Multiple imaging modalities including baseline electrocardiography and echocardiography have been investigated for independent prediction of left ventricular mechanical dyssynchrony (LVMD). This cardiac finding is extremely important given the impact that it has both on worsening of cardiac status as well as treatment focus. Cardiac resynchronization therapy (CRT) is a Class I indication for patients with advanced heart failure and the following criteria: severely depressed left ventricular ejection fraction (≤ 35%), left bundle branch block (LBBB) with wide QRS duration on electrocardiogram (≥ 150 ms), and New York Heart Association (NYHA) class II, III, or IV symptoms.1 Although improvement in functional status and quality of life is seen in many patients, it has been reported that up to 30% of patients who meet AHA/ACC guidelines for implantation of CRT fail to respond.2,3,4,5 However, what is missing from the patient profile above is confirmation of LVMD. It has been observed that patients demonstrating LVMD are more likely to respond favorably to CRT suggesting that perhaps more refined criteria may be needed to predict which subset of patients will benefit from CRT.6,7 It has also been demonstrated that LVMD may exist in patients with right bundle branch block (RBBB) who may not fulfill the typical criteria for CRT implantation, but who may nevertheless, benefit from resynchronization.8,9 Prior studies have shown that LVMD can be accurately evaluated by gated single-photon emission computed tomography (SPECT) myocardial perfusion imaging (MPI).10,11 However, the exact pathogenesis of LVMD remains poorly understood.
In this issue of the Journal of Nuclear Cardiology, Sillanmäki and colleagues bring us further “in sync” with the potential mechanisms responsible for LVMD.12 The study authors investigated the relative contribution of QRS duration on electrocardiogram, left ventricular ejection fraction (LVEF), end-systolic and end-diastolic volumes as well as the presence of scar on abnormal phase bandwidth (PhaseBW). The study was conducted as a retrospective analysis of SPECT MPI data of 358 total patients with conduction abnormalities including 275 LBBB and 83 RBBB patients from three international sites (US, Italy, and Finland). Hospital and gender-specific normal values were obtained from 172 controls. LVMD was observed in 85% of LBBB patients and 40% of RBBB patients (as defined as abnormal phase bandwith (BW) or phase standard deviation (SD)). In the authors’ multivariable model, left ventricular ejection fraction was independently associated with LVMD and explained 63% of variance seen in PhaseBW; moreover, EF had the highest AUC for ROC curve analysis of the variable analyzed (0.918, CI 95% 0.892 to 0.946). Surprisingly, QRS duration was not independently associated with LVMD. Additionally, analysis of patients with LBBB and without significant myocardial scar (as defined as sum rest score ≤ 8 on SPECT MPI) showed that a worsening EF was associated with increasing LVMD. In contrast, further stratification of patients by QRS duration within EF groups appeared not to impact LVMD.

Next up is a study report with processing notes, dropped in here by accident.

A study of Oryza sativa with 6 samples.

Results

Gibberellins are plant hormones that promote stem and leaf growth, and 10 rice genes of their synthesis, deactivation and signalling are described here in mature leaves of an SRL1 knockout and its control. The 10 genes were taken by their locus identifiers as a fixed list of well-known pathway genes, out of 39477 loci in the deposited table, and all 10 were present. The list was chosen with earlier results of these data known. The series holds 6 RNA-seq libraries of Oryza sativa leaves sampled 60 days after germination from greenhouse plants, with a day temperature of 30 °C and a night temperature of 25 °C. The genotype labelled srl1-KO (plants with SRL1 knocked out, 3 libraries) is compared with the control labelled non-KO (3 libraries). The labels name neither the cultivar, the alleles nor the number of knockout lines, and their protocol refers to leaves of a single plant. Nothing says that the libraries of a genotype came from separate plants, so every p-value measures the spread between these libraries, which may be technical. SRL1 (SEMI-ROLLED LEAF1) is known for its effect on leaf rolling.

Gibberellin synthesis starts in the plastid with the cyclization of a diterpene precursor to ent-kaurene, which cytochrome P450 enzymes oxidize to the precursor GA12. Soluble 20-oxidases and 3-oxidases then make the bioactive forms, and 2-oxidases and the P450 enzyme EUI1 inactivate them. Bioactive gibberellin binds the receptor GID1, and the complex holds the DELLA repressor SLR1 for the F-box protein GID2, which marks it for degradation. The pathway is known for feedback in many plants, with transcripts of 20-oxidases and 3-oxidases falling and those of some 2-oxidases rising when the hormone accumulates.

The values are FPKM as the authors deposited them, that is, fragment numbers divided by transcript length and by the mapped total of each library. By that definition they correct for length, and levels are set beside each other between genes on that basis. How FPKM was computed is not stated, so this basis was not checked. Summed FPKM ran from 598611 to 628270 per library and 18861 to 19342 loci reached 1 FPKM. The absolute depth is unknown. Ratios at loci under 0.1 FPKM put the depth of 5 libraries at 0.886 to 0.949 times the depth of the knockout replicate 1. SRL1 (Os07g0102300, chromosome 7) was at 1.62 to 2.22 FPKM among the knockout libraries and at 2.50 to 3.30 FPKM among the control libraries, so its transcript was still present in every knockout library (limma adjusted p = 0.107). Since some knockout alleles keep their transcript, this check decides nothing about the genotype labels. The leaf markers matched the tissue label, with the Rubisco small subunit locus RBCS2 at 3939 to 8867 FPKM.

One of the strengths of this study is that it attempts to address the knowledge gap surrounding the relationship of QRS duration and EF in LVMD in both LBBB and RBBB patients. Traditionally, this electrocardiographic finding has been used to support use of CRT for treatment. These findings suggest that a deeper dive might be needed to identify the truly predictive independent features. Also, the importance of myocardial scar is clear with its impact on ventricular remodeling and resulting LVMD. The authors should be commended for the rigorous approaches used to standardize interpretations and analysis at the individual sites. One concern for generalized use is the need to develop lab-specific normals for phase analysis parameters and a question remains of how standardized this can become. In addition, future investigation would be beneficial into the effect that gender has on both patients with normal and abnormal PhaseBW and PhaseSD.
The most recent data from the American Heart Association report that an estimated 6.2 million Americans are currently being treated for varying levels of heart failure.13 The more that we can elucidate the mechanisms of the underlying pathophysiology, the greater our chances to develop novel treatment plans to bring us better “in sync” with improved clinical outcomes.